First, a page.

How Do I Relieve Hydrostatic Pressure In My Basement?

You can relieve hydrostatic pressure around your basement by channeling the built-up groundwater away from your home using a drain tile system, sump pump, and vapor barrier.

You can relieve hydrostatic pressure around your basement by channeling the built-up groundwater away from your home using a drain tile system, sump pump, and vapor barrier. Hydrostatic pressure isn’t in your basement but around it. This pressure forms when groundwater builds up in the soil around your foundation and has nowhere to go, causing it to force itself against your basement walls.

A drain tile system will collect the excess groundwater outside your basement and channel it to a sump pump that ejects the water away from your home. By including a vapor barrier, you can also catch moisture seeping through your concrete walls and channel it into the drain tile.

How Much Hydrostatic Pressure Is In A Basement?

Water weighs around 60 pounds per cubic foot. If the soil around your basement is saturated with water, thousands of pounds of pressure could be sitting against your walls. Once this pressure builds to a point where your basement walls can no longer handle the weight of the soil and water, your foundation will bow or crack.

How Do I Stop Hydrostatic Water In My Basement Floor?

While there is no way to completely stop hydrostatic pressure from building up underneath or outside your basement, there are steps you can take to minimize it and catch anything that does gather around your floor and walls.

While there is no way to completely stop hydrostatic pressure from building up underneath or outside your basement, there are steps you can take to minimize it and catch anything that does gather around your floor and walls. A drain tile system placed at the base of your foundation walls will collect rising groundwater trying to seep through your cove joints (the space where your basement walls and floor meet).
Some homeowners believe if they fill the cove joint with caulking or a concrete sealer, they’ll prevent water seepage. This isn’t true. Any trained foundation waterproofing expert with years of experience will tell you that a drain tile system is the best solution for cove joint seepage.

Will A Sump Pump Relieve Hydrostatic Pressure?

Yes, a sump pump will relieve hydrostatic pressure by ejecting the collected water away from your home using discharge lines. Once water is collected inside the drain tile, it’s channeled to a sump pit in your basement floor.

Inside the sump pit is the sump pump equipped with a float device. This device will detect how much water is inside the pit and activate the pump once it reaches a certain level. From here, the pump ejects the water through a discharge pipe away from your home, deposited into a lower part of your property, dry well, or bubbler pot.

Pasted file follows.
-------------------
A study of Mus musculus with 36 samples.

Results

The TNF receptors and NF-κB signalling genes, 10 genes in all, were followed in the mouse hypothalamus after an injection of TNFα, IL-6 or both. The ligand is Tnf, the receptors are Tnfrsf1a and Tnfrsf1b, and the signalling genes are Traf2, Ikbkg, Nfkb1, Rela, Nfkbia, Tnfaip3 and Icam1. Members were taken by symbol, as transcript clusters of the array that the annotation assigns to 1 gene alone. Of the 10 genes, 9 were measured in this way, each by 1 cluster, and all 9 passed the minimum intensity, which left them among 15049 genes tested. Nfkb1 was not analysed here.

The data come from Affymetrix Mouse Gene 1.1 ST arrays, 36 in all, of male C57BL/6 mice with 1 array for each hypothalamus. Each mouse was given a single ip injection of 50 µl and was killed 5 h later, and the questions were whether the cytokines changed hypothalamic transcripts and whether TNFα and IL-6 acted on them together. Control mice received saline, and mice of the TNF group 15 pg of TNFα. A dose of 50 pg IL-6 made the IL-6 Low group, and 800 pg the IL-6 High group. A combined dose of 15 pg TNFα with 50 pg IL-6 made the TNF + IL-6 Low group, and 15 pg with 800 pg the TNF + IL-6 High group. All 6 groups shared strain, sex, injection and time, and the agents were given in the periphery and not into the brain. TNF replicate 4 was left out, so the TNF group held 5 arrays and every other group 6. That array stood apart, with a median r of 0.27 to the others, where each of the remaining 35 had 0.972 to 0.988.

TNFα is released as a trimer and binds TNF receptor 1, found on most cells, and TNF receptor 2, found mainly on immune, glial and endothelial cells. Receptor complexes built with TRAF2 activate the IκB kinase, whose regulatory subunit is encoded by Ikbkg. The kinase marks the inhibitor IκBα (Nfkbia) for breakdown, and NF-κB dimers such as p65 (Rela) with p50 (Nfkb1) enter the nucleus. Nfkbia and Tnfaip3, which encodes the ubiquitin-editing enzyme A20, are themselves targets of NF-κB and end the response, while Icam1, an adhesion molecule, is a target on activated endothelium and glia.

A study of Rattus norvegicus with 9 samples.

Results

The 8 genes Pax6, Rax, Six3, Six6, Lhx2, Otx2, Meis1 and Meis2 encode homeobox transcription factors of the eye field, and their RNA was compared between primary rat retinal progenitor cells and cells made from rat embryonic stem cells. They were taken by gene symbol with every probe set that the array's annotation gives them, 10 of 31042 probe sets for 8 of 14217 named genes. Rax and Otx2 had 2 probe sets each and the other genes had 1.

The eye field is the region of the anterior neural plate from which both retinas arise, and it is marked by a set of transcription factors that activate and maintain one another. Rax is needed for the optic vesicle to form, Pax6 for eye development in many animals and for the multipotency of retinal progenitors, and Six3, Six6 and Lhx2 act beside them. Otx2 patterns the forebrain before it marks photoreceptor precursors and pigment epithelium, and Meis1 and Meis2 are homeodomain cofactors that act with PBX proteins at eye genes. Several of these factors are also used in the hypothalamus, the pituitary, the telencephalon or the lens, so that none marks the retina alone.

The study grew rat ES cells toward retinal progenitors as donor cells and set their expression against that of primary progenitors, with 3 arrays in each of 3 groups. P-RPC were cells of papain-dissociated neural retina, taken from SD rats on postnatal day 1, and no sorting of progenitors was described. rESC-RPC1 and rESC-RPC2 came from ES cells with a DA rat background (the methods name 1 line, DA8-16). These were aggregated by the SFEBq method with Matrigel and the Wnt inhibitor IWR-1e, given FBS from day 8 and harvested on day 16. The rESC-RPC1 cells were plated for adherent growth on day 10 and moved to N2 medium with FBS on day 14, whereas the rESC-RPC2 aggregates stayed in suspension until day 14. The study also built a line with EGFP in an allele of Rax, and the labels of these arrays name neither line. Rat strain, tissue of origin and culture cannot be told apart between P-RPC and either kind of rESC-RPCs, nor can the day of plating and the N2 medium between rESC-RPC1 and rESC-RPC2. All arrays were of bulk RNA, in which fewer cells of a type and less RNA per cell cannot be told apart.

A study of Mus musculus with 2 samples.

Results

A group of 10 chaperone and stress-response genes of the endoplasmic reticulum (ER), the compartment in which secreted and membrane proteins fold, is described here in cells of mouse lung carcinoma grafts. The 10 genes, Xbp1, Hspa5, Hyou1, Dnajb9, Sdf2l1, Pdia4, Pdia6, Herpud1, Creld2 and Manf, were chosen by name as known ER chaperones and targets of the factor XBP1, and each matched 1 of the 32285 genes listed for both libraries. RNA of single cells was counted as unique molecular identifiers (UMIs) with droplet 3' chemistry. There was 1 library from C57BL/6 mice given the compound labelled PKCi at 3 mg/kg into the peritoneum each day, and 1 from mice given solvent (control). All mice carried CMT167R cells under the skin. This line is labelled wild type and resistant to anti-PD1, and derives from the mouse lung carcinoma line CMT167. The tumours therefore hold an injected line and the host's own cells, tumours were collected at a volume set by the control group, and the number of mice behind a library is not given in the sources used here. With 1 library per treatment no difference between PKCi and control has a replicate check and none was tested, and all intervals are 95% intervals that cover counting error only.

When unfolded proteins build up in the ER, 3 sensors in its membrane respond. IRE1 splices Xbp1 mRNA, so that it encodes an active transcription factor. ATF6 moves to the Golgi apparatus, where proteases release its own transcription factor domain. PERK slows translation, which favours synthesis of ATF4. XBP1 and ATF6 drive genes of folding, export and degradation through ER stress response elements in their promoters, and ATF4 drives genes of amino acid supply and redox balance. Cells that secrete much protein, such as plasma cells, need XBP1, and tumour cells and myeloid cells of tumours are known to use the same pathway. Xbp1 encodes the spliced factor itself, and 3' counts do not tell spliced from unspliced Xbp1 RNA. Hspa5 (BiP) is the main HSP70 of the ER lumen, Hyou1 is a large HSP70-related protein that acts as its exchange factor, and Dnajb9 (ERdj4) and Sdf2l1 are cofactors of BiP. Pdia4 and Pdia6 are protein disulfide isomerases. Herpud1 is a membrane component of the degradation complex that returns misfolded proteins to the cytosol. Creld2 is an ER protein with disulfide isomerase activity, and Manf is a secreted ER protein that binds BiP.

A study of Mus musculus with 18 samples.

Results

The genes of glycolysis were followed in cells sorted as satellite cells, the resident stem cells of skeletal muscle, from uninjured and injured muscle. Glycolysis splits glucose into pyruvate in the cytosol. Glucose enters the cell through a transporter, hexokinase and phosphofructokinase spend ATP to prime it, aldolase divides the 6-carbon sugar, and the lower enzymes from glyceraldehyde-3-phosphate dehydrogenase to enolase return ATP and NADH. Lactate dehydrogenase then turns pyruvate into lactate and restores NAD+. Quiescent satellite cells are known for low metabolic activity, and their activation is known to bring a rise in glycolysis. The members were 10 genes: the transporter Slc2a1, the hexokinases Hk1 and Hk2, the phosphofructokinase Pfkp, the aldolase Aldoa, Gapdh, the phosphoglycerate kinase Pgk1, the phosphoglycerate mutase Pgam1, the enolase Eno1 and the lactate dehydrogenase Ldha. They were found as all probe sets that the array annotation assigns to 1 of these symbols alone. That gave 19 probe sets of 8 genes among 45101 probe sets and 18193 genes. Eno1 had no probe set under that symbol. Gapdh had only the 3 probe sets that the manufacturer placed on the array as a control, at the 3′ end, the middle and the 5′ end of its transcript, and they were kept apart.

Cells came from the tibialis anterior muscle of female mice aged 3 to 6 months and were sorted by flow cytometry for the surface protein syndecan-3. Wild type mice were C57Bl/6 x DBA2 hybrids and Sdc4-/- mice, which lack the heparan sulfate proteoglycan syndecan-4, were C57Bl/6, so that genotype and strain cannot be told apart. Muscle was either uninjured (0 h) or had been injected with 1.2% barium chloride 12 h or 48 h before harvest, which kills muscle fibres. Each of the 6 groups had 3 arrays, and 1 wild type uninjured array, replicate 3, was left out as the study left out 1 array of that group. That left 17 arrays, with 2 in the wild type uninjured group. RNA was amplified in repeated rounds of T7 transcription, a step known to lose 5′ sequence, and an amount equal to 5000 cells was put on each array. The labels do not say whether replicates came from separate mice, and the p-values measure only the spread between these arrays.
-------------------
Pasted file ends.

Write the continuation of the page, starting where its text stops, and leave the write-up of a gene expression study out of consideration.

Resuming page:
Is Hydrostatic Pressure Covered By Home Insurance?

In most cases, damage caused by hydrostatic pressure is not covered by homeowners insurance. Most insurance companies classify hydrostatic pressure under the same category as floods and/or groundwater, so you’ll have to purchase a separate policy in most cases.

What Happens If Hydrostatic Pressure Is Too High?

If the hydrostatic pressure outside your basement walls gets too high, it could lead to major structural damage to your foundation.

If the hydrostatic pressure outside your basement walls gets too high, it could lead to major structural damage to your foundation. The main issues are bowing walls and foundation cracks. If the center of your foundation wall is pushed inward, but the top and bottom are still in their original position, it’s bowing.

You might also notice a long horizontal crack running along the center of the wall where it’s pushed inward the most. This crack can seep water and lead to moisture issues like mold, humidity, and rot. If the bowing is left untreated, the wall is at risk of total collapse.

What Causes Hydrostatic Pressure In Basements?

Hydrostatic pressure is directly caused by excess groundwater building up in your soil. This can result from various sources. Here are just a few.

  • Poor grading – After it rains, water drains toward your foundation because your property is sloped in its direction. This can be corrected with some skilled landscaping or a French drain.
  • Poor gutter downspout placement – If your gutter downspouts are dumping water at the base of your home, it can build up inside your soil. Experts recommend extending your downspouts at least 20 feet away from your home.
  • Clogged gutters – If your gutters are clogged with leaves, branches, or debris, water can pour over the sides and drop directly onto your foundation.

What Are The Signs Of Hydrostatic Pressure?

Signs of hydrostatic pressure include,

  • Bowing walls with horizontal cracks and water seepage.
  • Water seepage where your basement floor meets the wall.
  • Water seepage where your ground floor meets your basement wall.
  • Water seepage near your basement windows.
  • Deteriorated sections of concrete seeping water (honeycombing).

Who Can Help You With Hydrostatic Pressure In Your Basement?

Call The Real Seal if you have issues with hydrostatic pressure in or around your basement. Our team of experts have successfully controlled and resolved hydrostatic pressure issues for thousands of homes across Chicagoland. Call today for your free inspection and estimate.

WRITTEN BY

Austin Werner

Austin Werner is the Owner of The Real Seal LLC, a basement waterproofing and foundation repair company. Austin believes that having a highly trained and happy team is the key to success. This is reflected through hundreds of 5 star customer reviews his company has received online.